Weather or Not, Homa Perseveres at The Wells Fargo Championship

Wells Fargo Championship, Max Homa, Mandatory Credit: Scott Taetsch-USA TODAY Sports
Wells Fargo Championship, Max Homa, Mandatory Credit: Scott Taetsch-USA TODAY Sports /

Whether it’s a regulation PGA Tour event or a member-guest at the local club, weather is the wild card most likely to influence play. That fact was beautifully illustrated at this week’s Tour stop, the Wells Fargo Championship at TPC Potomac.

The field of more than 150 got everything that both the course and the meteorologist could throw at them. Tour pros are used to dealing with even the most diabolical tracks. The forces of nature can be both more problematic and more decisive in terms of the outcome.

There’s no simpler way to portray the reality imposed on a tournament by weather than to simply chart the data – both meteorological and performance-related.

How Weather Played A Massive Part At The 2022 Wells Fargo Championship

Thursday: The course was both dry and gettable, haven taken on a good soaking from Wednesday. The pros love a good day-old rain; it makes greens more receptive, facilitating the kind of dart-throwing golf they like to play. Highs were in the 60s, making for passable, if not idyllic, comfort.

At least partly as a result, the 65 players who would eventually make the cut traversed TPC Potomac in an average of 67.97 strokes, a fraction better than two strokes below par. They did so with a consistency befitting their status among the game’s elite. The standard deviation of the performance of those 65 players Thursday was a taut 1.87 strokes. Only seven were over par, none by more than two strokes.

Friday: Fast-forward 24 hours and the rain returned. This time, however, it was a steady soaking rain operating as a constant through the unfolding of the second round. The temps were still good, and fortunately the wind had not come up. Still, the insistent moisture began to present problems.  For starters, rain means heavy air, which reduces ball flight by an amount that must be guessed at. Rain also impacts the grooves on the face of an iron, impacting spin rate.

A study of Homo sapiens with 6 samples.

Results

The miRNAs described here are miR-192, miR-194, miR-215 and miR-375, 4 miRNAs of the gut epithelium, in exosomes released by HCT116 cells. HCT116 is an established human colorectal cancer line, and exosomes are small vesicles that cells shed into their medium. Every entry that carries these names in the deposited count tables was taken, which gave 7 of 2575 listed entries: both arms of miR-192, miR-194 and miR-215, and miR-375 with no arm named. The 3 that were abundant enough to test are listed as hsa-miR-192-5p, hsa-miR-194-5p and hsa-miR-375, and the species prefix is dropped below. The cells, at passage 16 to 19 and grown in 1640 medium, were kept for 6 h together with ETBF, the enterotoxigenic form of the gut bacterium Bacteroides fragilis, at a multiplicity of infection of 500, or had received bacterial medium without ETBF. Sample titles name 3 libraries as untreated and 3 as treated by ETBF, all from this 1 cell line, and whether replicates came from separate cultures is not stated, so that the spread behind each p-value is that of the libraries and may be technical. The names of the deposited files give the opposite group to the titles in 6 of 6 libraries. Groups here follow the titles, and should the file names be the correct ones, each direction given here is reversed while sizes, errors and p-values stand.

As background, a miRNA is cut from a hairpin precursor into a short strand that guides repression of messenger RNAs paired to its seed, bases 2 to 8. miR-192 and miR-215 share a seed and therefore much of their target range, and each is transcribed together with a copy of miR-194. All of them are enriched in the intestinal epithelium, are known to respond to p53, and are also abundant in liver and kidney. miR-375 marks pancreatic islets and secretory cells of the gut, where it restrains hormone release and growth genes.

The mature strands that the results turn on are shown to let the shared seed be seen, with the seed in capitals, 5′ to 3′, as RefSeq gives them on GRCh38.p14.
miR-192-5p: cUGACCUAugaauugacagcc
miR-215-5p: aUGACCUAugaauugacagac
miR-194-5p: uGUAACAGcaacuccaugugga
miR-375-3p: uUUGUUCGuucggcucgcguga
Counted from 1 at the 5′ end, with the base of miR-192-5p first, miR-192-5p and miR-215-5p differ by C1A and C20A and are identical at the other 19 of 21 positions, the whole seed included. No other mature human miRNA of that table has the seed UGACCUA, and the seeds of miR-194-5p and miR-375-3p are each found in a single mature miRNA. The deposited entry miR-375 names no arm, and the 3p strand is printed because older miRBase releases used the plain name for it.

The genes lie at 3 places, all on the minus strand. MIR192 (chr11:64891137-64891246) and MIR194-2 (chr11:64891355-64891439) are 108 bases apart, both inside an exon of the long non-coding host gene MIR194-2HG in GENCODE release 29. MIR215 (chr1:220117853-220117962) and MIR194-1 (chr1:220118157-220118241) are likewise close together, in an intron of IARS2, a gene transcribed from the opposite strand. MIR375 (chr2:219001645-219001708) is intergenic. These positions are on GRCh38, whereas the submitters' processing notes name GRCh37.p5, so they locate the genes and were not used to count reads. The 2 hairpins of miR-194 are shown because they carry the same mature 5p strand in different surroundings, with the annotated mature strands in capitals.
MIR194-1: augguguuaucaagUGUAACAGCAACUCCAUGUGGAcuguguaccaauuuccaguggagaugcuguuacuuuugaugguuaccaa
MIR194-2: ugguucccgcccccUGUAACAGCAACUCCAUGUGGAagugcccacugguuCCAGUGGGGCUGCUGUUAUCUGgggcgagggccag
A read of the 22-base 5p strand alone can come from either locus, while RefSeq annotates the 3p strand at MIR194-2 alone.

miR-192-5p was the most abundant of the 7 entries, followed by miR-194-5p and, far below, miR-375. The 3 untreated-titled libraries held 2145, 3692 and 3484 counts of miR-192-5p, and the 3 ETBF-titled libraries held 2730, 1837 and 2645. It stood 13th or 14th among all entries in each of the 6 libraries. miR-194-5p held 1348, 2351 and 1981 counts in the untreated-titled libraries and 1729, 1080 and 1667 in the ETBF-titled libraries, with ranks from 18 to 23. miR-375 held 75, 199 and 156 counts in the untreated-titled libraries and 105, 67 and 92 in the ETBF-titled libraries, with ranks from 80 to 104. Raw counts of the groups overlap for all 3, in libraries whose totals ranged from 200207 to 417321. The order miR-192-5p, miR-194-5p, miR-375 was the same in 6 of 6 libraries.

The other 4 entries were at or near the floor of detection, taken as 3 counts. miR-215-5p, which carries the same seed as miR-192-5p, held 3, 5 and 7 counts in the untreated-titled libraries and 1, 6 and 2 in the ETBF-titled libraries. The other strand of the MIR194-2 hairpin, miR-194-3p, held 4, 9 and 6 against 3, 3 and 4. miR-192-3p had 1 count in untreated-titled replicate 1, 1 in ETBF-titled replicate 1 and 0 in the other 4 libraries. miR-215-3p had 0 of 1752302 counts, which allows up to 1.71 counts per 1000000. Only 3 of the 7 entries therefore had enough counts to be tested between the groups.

At least partly as a result, scores rose. The average of the 65 players who would make the cut climbed overnight by more than two strokes, to 70.07…a hair above par. And because the weather impacts players differentially – some get wetter than others, some handle it better – the standard deviation also rose. In this case the rise was a full half stroke, to 2.35. A total of 29 players – more than four times as many as one day earlier – turned in over-par cards.

Saturday: Conditions were about as bad as they can get without actually halting play. Continuing rain began to flood portions of the course, forcing the Tour to adopt the lift, clean, and place rule for the day. That only partly ameliorated the challenges; temperatures plunged into the mid-40s, and double-digit winds imposed a third level of misery.

The impact of it all showed up big-time on the course. The 36-hole leader, Jason Day, turned in a 79. The field average soared by three and one-half strokes, to 73.7, and the standard deviation – the natural spread – climbed again, this time to 2.9 strokes. Just two days earlier, in relatively normal playing conditions, 51 players who would eventually make the cut broke par; on Saturday only four did so.


Combine that with standard-issue final day pressure and the result was middling. Stroke averages finally found an equilibrium point, settling at 71.21. In this turbulent week, that’s as close as the field would get to the ephemeral number we call a tournament average, which works out to 70.73. Yet the Sunday average is still nearly a half stroke above that tournament “average.” Perhaps surprisingly, the standard deviation of performance rises for a fourth straight day, settling on Sunday at 3.08 strokes. Sunday pressure or a few idiosyncratic pin placements may have influenced that number.

Now the big question: Did all those weather variances influence the outcome of the 2022 Wells Fargo Championship? The answer is, probably yes, at least if by “influence” we mean identifying the player most capable of adapting his game to the changing conditions.

Of the 65 competitors who made it through all four rounds, only one out-performed the field average on all four of those highly disparate days. That most consistent, most adaptable player turned out to be the champion, Max Homa.

On Thursday, Homa shot 67. That wasn’t even top 10 for the day, but it was nearly a stroke below the average of those who would make the cut.

In toughening conditions Friday, Homa produced perhaps his best effort, a 66. Only Keegan Bradley, at 65, produced a lower score on a day when the field average topped even par 70.

On Saturday at the Wells Fargo Championship, Homa went into survival mode. His 71, one over par, wasn’t much to talk about, except by comparison with everybody else.  In the modified maelstrom, it equaled the 11th best score and kept him in contention while others – 36-hole lead Jason Day shot 79 – fell far back.

In relatively normal weather Sunday, Homa’s closing 68 was good enough to defeat the one man he had to beat, third-round leader and playing partner Bradley, who turned in a 72. Ten players did have better cards on Sunday, but all 10 had started too far back thanks to their own inconsistencies earlier in the week.


Homa wasn’t the best player on any of the tournament’s four days. In fact, he only rated top 10 status on Friday. But he was the only guy all week who consistently stood up to the changing conditions. That’s why he won.